Preckwinkle raises tax threshold for business purchases

  • Toni Preckwinkle

    Toni Preckwinkle

Updated 10/29/2012 7:10 PM

Cook County businesses buying goods elsewhere will receive a little more purchasing leeway than originally proposed, if County Board President Toni Preckwinkle's budget is approved.

Preckwinkle is proposing a 1.25 percent tax on goods purchased by county business owners outside the county's borders. Initially, the first $2,500 worth of purchases on office supplies, equipment, building materials and even artwork was exempt from the tax. However, on Monday Preckwinkle announced that she has raised the limit and proposes exempting the first $3,500 of such purchases.


The move will shave about $1 million off the projected revenue generated by the new tax next year, which is now expected to be $14 million.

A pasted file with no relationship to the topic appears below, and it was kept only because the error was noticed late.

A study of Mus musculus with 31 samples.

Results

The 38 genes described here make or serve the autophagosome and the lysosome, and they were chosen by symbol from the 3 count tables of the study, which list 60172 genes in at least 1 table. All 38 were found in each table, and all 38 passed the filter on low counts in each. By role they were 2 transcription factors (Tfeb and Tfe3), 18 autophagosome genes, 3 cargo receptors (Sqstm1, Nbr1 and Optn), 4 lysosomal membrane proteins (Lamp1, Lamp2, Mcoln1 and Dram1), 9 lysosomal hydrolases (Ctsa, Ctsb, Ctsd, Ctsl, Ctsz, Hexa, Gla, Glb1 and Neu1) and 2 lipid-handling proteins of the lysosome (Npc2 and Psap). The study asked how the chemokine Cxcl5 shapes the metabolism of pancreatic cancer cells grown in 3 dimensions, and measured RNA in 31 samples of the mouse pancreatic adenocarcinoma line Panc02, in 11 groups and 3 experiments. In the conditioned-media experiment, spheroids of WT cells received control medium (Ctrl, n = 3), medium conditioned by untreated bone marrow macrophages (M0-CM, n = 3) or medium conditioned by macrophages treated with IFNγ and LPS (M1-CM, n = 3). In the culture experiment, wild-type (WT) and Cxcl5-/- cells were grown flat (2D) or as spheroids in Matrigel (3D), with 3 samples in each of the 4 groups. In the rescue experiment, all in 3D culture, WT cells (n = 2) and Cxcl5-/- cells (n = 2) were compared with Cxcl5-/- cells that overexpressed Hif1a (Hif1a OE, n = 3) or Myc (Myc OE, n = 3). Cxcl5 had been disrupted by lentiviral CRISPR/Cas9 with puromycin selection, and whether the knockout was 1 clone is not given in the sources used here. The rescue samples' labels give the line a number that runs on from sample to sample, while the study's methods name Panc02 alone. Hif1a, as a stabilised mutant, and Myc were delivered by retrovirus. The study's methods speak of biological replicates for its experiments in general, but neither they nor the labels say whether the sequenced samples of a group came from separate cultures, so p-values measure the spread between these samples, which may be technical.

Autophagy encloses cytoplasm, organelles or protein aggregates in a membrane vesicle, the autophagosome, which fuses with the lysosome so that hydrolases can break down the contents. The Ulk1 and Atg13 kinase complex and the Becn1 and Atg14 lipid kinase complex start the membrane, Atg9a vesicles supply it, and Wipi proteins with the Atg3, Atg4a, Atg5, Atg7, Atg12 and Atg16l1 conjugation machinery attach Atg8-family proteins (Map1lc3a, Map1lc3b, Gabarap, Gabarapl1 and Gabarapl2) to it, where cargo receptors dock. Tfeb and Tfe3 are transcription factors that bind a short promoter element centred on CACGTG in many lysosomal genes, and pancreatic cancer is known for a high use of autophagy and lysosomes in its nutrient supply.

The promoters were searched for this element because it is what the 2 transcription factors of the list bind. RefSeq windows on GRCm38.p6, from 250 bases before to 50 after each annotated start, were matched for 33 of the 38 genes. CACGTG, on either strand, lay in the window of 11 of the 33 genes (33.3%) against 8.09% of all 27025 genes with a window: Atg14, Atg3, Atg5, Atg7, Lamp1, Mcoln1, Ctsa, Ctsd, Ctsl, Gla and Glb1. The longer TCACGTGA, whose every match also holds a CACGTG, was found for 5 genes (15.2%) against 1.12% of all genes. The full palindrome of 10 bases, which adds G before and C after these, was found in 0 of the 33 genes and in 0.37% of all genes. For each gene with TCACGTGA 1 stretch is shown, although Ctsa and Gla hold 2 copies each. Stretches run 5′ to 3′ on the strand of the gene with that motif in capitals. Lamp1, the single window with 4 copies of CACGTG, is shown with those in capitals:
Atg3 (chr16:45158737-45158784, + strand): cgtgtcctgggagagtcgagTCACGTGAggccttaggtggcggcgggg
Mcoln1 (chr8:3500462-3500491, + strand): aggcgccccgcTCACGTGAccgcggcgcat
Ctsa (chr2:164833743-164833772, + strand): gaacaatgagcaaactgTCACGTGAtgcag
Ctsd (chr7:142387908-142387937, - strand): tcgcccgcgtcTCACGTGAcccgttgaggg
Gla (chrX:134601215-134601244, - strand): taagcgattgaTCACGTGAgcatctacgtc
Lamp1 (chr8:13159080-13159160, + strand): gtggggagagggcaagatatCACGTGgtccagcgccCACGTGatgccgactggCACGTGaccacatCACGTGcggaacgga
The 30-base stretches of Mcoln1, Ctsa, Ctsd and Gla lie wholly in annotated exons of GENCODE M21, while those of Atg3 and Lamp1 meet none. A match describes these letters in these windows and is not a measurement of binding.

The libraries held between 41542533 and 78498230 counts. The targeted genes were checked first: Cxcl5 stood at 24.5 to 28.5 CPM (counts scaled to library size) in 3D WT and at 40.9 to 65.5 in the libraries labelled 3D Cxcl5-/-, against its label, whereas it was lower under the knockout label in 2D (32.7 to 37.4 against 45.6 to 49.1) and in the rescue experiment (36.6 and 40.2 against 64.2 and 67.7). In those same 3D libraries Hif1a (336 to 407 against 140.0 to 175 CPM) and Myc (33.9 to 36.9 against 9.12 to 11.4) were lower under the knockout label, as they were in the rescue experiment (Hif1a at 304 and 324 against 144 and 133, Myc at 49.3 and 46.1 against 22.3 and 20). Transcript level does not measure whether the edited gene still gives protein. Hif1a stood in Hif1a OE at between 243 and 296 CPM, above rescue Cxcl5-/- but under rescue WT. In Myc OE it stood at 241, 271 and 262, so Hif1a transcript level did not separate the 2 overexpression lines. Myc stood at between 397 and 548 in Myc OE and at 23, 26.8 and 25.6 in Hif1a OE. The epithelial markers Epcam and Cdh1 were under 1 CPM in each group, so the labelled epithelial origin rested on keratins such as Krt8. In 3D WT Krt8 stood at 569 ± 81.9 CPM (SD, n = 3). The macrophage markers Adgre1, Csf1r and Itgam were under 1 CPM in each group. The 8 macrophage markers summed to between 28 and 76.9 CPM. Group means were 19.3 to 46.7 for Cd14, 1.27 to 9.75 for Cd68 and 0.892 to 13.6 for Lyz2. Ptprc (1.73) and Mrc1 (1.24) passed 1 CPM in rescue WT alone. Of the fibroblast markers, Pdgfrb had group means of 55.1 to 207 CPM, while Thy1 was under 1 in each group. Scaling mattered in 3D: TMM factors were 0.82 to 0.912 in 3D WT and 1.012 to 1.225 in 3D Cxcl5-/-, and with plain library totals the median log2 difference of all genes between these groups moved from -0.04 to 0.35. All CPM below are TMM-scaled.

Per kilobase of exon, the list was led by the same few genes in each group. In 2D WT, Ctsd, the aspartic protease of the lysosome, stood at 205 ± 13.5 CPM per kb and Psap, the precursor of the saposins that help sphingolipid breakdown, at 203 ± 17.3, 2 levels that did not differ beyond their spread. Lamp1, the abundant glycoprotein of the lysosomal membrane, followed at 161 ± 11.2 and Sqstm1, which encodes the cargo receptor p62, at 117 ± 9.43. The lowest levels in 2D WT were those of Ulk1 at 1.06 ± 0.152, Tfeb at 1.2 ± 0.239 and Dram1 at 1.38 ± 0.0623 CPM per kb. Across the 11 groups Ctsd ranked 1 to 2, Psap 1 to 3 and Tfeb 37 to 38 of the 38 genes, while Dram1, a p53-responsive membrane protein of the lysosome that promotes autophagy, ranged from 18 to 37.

She said in a news release that altering the proposed tax "is making it easier for local business to thrive in our communities, expand their operations and hire new workers.

"The economic policies in this year's budget will help make Cook County a more vibrant economic hub in the region for years to come," she said.

The new tax is mirrored on use taxes already employed by Illinois and city of Chicago. Preckwinkle said the tax favors county businesses because it provides incentives to purchase locally. She has begun calling the measure the "Buy Local Tax."

Over the past four years, the county has eliminated a 1 percent sales tax instituted by the previous administration, which hurt suburban businesses the most, county officials said.

However, critics of the new tax plan believe Preckwinkle should lower sales taxes further, in lieu of the new tax on businesses, to make everyone want to shop in the county.

Businesses are responsible for self-reporting inter-county purchases to the county's revenue department. Because many businesses are already practicing this with similar state and city of Chicago taxes, county officials anticipate higher levels of compliance.

The county already applies a tax on titled items like cars, boats and other vehicles. The budget is expected to be voted on by the full board next month.